Land of Make Believe
By Jim Kunstler
For the moment, it's back to business-as-usual for Easy-motoring Nation.
Yet 73 percent of oil from the Gulf of Mexico remains "shut in" or unavailable because of hurricane damage, and about 63 percent of natural gas production. Prior to the hurricanes, 24 percent of the nation's non-imported supply of crude came from the gulf. There are also eight refineries still shut down representing 2.1 million barrels a day of refined product capacity (900,000 barrels a day of gasoline, 500,000 of diesel and heating fuel, and 200,000 of jet fuel).
For the past month, the European Union has been sending two million barrels of crude a day to the US out of its own emergency reserves. The original deal was made in the brief lull between Katrina and Rita. It took a while for those tankers to get here. The EU imports over 15 million barrels of oil a day itself, somewhat more than the US did in pre-hurricane times.
The Federal government has loaned the oil companies crude from the Strategic Petroleum Reserve. The SPR contained 700 million barrels of crude when the hurricanes hit. The US uses 20 million barrels of oil a day, of which we produce altogether about seven million barrels ourselves. It is unclear how much oil is coming out of it now, but the last time a president tapped the SPR (Clinton) one million barrels a day were released.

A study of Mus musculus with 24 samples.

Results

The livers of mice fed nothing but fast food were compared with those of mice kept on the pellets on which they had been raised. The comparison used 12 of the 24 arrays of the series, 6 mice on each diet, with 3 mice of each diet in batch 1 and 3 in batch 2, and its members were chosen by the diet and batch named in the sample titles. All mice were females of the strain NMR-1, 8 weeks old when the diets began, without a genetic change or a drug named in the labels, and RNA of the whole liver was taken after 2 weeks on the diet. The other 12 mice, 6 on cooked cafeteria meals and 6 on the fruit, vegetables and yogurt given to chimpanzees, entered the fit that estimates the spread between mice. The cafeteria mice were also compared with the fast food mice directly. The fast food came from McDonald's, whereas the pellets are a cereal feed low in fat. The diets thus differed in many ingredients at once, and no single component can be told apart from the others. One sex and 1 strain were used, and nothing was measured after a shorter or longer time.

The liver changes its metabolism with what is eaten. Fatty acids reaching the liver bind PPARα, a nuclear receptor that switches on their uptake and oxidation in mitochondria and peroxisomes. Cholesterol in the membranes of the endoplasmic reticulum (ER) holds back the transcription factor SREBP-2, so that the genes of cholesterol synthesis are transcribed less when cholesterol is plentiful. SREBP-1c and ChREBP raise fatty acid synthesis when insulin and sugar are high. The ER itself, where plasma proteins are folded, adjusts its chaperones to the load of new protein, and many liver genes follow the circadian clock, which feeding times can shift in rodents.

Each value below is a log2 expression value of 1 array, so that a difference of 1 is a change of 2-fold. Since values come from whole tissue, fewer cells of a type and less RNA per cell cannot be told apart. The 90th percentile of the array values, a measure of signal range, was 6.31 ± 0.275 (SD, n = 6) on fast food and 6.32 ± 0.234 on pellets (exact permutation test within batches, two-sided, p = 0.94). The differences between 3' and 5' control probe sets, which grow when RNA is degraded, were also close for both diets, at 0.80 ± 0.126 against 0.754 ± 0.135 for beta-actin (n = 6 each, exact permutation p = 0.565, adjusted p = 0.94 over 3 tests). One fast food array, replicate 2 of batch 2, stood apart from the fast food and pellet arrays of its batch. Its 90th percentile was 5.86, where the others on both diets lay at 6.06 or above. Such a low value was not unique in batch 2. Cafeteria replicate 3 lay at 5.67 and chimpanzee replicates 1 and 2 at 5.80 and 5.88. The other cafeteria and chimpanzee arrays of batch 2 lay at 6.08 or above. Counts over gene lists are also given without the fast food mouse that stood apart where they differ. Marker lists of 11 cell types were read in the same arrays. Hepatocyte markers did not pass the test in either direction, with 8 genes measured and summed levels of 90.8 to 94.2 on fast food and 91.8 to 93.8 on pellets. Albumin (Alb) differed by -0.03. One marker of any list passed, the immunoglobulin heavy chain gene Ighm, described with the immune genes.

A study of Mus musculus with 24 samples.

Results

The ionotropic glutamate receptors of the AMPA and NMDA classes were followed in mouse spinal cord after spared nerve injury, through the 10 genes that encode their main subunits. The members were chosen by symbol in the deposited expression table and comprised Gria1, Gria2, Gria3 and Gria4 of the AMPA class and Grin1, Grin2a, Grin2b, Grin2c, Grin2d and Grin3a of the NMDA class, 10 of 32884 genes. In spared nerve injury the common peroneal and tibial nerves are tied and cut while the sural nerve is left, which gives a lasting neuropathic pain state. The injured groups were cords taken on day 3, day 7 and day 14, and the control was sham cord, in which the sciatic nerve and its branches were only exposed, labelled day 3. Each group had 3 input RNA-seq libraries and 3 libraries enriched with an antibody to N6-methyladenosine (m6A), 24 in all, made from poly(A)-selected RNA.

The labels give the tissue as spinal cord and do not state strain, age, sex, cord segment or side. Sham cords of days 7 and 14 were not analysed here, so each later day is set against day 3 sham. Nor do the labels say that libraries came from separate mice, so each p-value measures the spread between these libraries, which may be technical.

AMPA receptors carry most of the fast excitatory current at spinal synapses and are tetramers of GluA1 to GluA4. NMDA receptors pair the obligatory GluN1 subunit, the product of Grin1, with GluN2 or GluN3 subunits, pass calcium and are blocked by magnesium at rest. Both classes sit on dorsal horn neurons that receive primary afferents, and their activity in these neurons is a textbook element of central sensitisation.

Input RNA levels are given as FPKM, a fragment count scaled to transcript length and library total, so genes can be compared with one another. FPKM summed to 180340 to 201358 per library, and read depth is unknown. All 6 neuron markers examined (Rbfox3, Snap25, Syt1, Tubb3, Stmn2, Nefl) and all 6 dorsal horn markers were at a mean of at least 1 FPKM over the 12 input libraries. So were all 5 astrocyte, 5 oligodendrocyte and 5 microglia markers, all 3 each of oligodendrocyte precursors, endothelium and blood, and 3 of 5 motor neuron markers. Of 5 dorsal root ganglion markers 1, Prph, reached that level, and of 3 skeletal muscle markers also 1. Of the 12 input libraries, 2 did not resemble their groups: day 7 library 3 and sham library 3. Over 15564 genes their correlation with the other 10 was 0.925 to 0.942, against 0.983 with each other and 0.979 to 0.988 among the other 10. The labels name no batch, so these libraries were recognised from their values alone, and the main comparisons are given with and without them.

These actions have beaten down the price of crude oil on the various futures markets. At the same time, gasoline pump prices have leveled off from the refinery squeeze. I doubt that the motoring public is driving a whole lot less. The commutes haven't magically gotten any shorter out in Dallas and Denver over the past month. The national fleet of SUVs has not been changed out either.
What's happening, therefore is that we have entered an eerie hiatus. Some band-aids have been applied to our oil and natural gas supply injuries and the bleeding seems to have stopped. But the truth is that our energy supplies are badly compromised and at the worst time of the year -- just as we slide into the home heating season. Here in the northeast, we have barely had to turn on the furnaces yet, but that will change in a week or two.
In the background of this scene, the global oil production peak lurks -- meaning that there does not seem to be any surplus production capacity anywhere in the world, including OPEC's big gun, Saudi Arabia. So all we have here in America is a temporary appearance of normality. When the furnaces go on, the WalMart aisles will be empty. If there is any reduction in car trips, it will be because Americans are making fewer visits to the Big Box stores. There will also be fewer trips out to visit the model homes in the new subdivisions.
Another unpleasant truth about the situation is that the US public wants to pretend that everything is okay as much as its leaders do. The public is not so much being misled as demanding that its leaders in government, business, and the news media continue a game of make-believe -- that we can still run a cheap oil economy without cheap oil.